Mockingjay and the dread awaiting fans of the Hunger Games #BookReview

Hunger Games

UPDATE: I haven’t seen the film yet, but plan on doing so after finals…

So I finally sat down and read the full Hunger Games trilogy. Let me start by complimenting the author on a splendid first two books – the first covered just enough go not keep for in on about things I didn’t care to read about while covering just enough of the stuff I did to make me turn to the next page. Overall, a great book. The second, Catching Fire, was a little slower, with more background information. But you know, at the end of the day, it was my favorite book. It really captured the beginnings of the rebel unrest and made me feel like I was really a part of the action. Of course it didn’t hurt that my favorite character became a reality in this part of the series (Finnick Odair). Overall, I thought the whole book was a great read. And it really set up the third book well… So much so that instead of taking a break from the series and reading The Fault In Our Stars, I chose to jump into Mockingjay immediately. And boy was that a terrible mistake.

Finnick just being Finnick.

From the beginning there was a difference in the quality of writing. Whereas Katniss could be pretty whiny and “poor me poor me” for a little but but then actually do something about it, a lot of Mockingjay was about Katniss relinquishing her control to others. This is not the Katniss who we knew to kick ass when someone challenged her. The one who would regularly challenge the Capitol with displays of defiance (see berries in hand and shooting the apple in book 1, shooting the arrow into the force field and creating a Seneca Crane dummy in book 2). This was a subdued Katniss who reflected way too much on her actions and how they affected others. And while that is always honorable to live that way, it is pretty obnoxious when done to this extent. We see a Katniss who is very unsure of herself, so much so that the whole time she is told by others what to do. No action is truly her own. No thought is really something she thought up herself.

Katniss just being a badass and shooting apples.

Instead, we see her latch into others’ ideals and become a follower in leader’s clothing. And while this would be okay if it were the first or second book, this is the third one. She can’t be acting so wishy washy the last time we see her in action. The only time I felt the book come into it’s own and stayed on par with the others from the trilogy was when Katniss took control of the mission in the Capitol and went AWOL. And that was only because she was directly told to do so seconds beforehand from the general who had just died.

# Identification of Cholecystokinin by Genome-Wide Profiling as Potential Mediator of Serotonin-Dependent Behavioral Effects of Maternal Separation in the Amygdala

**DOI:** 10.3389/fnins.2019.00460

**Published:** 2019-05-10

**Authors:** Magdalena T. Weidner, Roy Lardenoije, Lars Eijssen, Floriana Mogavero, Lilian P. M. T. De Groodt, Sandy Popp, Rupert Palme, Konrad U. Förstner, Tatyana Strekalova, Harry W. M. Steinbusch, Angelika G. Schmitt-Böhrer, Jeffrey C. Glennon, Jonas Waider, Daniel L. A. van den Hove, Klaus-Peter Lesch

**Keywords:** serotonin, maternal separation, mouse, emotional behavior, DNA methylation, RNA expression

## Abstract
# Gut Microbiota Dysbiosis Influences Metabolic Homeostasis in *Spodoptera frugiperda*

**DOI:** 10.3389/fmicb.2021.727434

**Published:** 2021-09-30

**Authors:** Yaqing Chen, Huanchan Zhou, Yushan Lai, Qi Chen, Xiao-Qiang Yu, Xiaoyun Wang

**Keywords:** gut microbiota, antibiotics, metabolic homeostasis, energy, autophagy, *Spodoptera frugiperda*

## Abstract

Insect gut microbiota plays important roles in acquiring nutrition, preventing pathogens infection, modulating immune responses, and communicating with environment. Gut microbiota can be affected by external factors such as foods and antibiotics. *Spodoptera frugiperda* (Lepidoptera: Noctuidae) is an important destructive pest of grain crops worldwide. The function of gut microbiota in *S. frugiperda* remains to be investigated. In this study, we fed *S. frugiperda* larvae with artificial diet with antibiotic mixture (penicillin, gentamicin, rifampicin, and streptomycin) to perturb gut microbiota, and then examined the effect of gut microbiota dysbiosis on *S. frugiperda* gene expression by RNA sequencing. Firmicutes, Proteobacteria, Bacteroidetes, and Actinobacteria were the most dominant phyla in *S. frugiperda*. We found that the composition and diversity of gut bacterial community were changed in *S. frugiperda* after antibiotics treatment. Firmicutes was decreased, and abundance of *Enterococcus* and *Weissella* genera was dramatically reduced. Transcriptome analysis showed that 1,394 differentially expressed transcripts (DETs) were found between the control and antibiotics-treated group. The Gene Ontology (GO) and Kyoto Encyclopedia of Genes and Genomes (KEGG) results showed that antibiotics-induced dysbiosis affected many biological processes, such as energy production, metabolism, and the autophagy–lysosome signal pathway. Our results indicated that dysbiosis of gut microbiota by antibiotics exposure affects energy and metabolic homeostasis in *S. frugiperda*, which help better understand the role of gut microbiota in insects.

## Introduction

Lastly, WTH happened with the end and her love triangle? It seemed like they were content to make Katniss out to be delirious from the pressures thrust upon her and not totally mentally stable. I mean, while I am truly glad she ended up with ______ (I’m not going to ruin that part for you), I was just surprised at the extent to which they were going to demoralize and discredit her to allow her to enjoy the rest of her life. It’s almost as if no matter who is in charge (District 13 or the Capitol), things will always be the same…

That was actually a theme I thoroughly enjoyed. Collins did great at showing how the two rivaling power-hungry groups were essentially similar in the amount of terror they planned on expelling. This sentiment was handled well by Collins and I commend her for not messing it up. I will not forgive her (as I still haven’t forgiven JK Rowling) for how she managed to kill and dispel many noteworthy characters. She literally just left them to rot in areas ravaged by war. I understand to an extent that many people perish within a war, but to have had so many characters lie wasted away for alligators and other Capitol creatures to eat? It was just too sad. And that was another thing: Collins just mentioned that the characters who ended up living suffered from PTSD and other mental illnesses, but she did not go into detail about how it affected them. If you’re going to screw up so many people’s happy endings, at least show how they are getting the help they need. Don’t make the book soooo depressing.

This is why I (along with many other readers) felt that Suzanne rushed through writing the last one due to the difference in quality observed. Hopefully the director will take creative license and make the movies more worth watching. Because as of now, I know I’m not going to enjoy it. (FYI I still haven’t seen the film. This is just a critique on the book.)